St. Pauli Elbtunnel, known as Alter Elbtunnel or the Old Elbe Tunnel, is an underwater pedestrian and vehicle tunnel in Hamburg. The 426-meter long tunnel consist of two six-meter-wide tunnels, connecting the inner city of Hamburg at Landungsbrücken with the shipyards at Steinwerder. Construction began in 1907 and it opened in 1911, making getting to and from the shipyards easier. This had a great effect on the lives of thousands of workers and the St. Pauli. Elbtunnel is today a nostalgic and beloved piece of living Hamburg history.
The continent's first river tunnel
The Elbe Tunnel was a technical sensation when it opened and the first river tunnel on the continent. It became a necessity as the Port of Hamburg was growing and moving to the southern side of the Elbe, requiring improved transport connections. The tunnel, which sits at a depth of 24 meters, is serviced by four large elevators at each riverbank allowing for easy access. Travelers can also take the stairs down. As the Old Elbe Tunnel is still used for crossing the river it can be busy during the weekdays. During weekends however the tunnel is closed for traffic, making it much less crowded and a perfect time for a visit.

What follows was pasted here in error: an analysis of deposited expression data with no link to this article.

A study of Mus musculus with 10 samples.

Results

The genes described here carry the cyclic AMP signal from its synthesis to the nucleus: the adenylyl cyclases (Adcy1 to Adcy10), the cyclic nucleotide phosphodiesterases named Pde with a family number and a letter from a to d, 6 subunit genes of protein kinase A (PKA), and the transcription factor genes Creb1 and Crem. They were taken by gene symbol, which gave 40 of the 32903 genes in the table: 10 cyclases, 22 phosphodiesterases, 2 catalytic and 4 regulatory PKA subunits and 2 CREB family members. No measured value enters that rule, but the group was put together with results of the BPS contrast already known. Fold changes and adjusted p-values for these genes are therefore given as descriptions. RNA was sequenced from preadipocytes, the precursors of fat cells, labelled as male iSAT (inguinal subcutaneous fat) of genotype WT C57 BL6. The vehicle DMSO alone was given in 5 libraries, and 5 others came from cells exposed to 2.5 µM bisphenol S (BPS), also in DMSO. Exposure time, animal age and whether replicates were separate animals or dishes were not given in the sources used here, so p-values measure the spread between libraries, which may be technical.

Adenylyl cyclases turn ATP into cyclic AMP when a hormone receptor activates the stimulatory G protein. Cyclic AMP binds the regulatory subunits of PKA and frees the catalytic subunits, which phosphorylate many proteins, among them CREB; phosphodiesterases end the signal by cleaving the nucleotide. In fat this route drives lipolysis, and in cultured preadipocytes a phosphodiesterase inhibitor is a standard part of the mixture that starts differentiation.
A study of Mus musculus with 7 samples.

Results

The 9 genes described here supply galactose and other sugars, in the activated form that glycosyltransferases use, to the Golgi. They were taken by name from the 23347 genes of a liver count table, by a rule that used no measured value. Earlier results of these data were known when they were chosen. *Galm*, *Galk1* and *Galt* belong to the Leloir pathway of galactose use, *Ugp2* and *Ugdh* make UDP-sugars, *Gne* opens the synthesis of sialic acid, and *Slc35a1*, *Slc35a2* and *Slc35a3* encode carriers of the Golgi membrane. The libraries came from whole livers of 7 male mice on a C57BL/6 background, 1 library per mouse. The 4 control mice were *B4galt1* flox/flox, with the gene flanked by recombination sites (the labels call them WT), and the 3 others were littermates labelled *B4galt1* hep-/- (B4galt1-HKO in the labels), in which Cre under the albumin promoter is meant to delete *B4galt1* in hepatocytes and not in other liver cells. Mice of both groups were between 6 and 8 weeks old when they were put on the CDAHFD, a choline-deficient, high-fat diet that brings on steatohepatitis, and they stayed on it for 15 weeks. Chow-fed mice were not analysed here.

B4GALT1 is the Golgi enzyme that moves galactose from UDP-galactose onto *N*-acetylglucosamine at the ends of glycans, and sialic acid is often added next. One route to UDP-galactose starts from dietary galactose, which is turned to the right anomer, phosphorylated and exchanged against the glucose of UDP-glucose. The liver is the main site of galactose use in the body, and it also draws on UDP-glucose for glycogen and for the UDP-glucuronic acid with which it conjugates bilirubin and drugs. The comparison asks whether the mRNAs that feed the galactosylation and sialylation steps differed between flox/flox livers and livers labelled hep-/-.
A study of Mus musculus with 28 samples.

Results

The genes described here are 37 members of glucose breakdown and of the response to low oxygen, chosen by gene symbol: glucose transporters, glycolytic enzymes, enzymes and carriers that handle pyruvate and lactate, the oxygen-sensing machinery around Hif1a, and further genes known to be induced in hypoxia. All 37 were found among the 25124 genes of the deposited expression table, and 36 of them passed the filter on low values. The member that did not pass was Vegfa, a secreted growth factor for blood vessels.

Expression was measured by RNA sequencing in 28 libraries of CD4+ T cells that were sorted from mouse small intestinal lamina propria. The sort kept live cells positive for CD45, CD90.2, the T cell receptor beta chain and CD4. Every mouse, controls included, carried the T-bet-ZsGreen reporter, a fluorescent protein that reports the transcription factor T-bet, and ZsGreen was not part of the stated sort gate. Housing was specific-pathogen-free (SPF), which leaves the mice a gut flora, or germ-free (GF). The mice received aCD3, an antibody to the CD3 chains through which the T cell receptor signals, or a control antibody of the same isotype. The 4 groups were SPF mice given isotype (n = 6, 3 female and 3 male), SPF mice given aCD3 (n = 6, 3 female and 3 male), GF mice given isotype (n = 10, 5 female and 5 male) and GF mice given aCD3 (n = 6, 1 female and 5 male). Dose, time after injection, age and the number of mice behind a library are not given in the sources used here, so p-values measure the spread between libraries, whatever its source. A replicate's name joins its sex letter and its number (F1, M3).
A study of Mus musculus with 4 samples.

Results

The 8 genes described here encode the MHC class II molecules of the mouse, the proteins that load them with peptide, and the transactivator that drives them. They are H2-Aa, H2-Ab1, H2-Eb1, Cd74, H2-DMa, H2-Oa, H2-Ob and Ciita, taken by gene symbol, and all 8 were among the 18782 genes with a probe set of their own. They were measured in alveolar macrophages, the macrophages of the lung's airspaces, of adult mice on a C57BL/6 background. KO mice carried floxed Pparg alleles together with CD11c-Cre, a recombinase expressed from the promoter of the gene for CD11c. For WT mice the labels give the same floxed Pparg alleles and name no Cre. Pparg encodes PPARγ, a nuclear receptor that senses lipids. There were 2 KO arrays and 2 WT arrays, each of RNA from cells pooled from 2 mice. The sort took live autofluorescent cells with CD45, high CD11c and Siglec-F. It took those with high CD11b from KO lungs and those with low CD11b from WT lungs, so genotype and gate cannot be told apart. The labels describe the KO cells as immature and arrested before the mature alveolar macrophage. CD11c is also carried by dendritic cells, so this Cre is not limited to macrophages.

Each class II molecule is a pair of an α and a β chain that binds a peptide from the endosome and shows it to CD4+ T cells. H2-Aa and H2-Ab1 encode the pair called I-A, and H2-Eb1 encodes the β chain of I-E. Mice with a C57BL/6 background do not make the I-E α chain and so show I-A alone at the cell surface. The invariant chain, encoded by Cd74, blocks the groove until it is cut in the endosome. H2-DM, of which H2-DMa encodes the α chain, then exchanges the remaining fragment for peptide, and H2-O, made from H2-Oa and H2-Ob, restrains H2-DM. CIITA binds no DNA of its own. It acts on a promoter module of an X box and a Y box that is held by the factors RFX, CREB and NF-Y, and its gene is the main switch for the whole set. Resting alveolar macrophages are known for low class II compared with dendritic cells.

A work of art
The St. Pauli Elbtunnel is a piece of art from start to finish. Its entry point on the St. Pauli side is a large, distinctive, square structure with a copper roof making it a striking landmark by the riverbank. The twin tunnels are covered in glazed ceramic tiles and even though it suffered heavy damage during World War II bombing raids, these rich decorations still stand today. Several movie scenes have also been filmed in the tunnels and the tunnels are a popular location for exhibitions, such as the annual Elb-Art.
The St. Pauli Elbtunnel is unique even today and this living, breathing part of Hamburg's history is well worth a visit.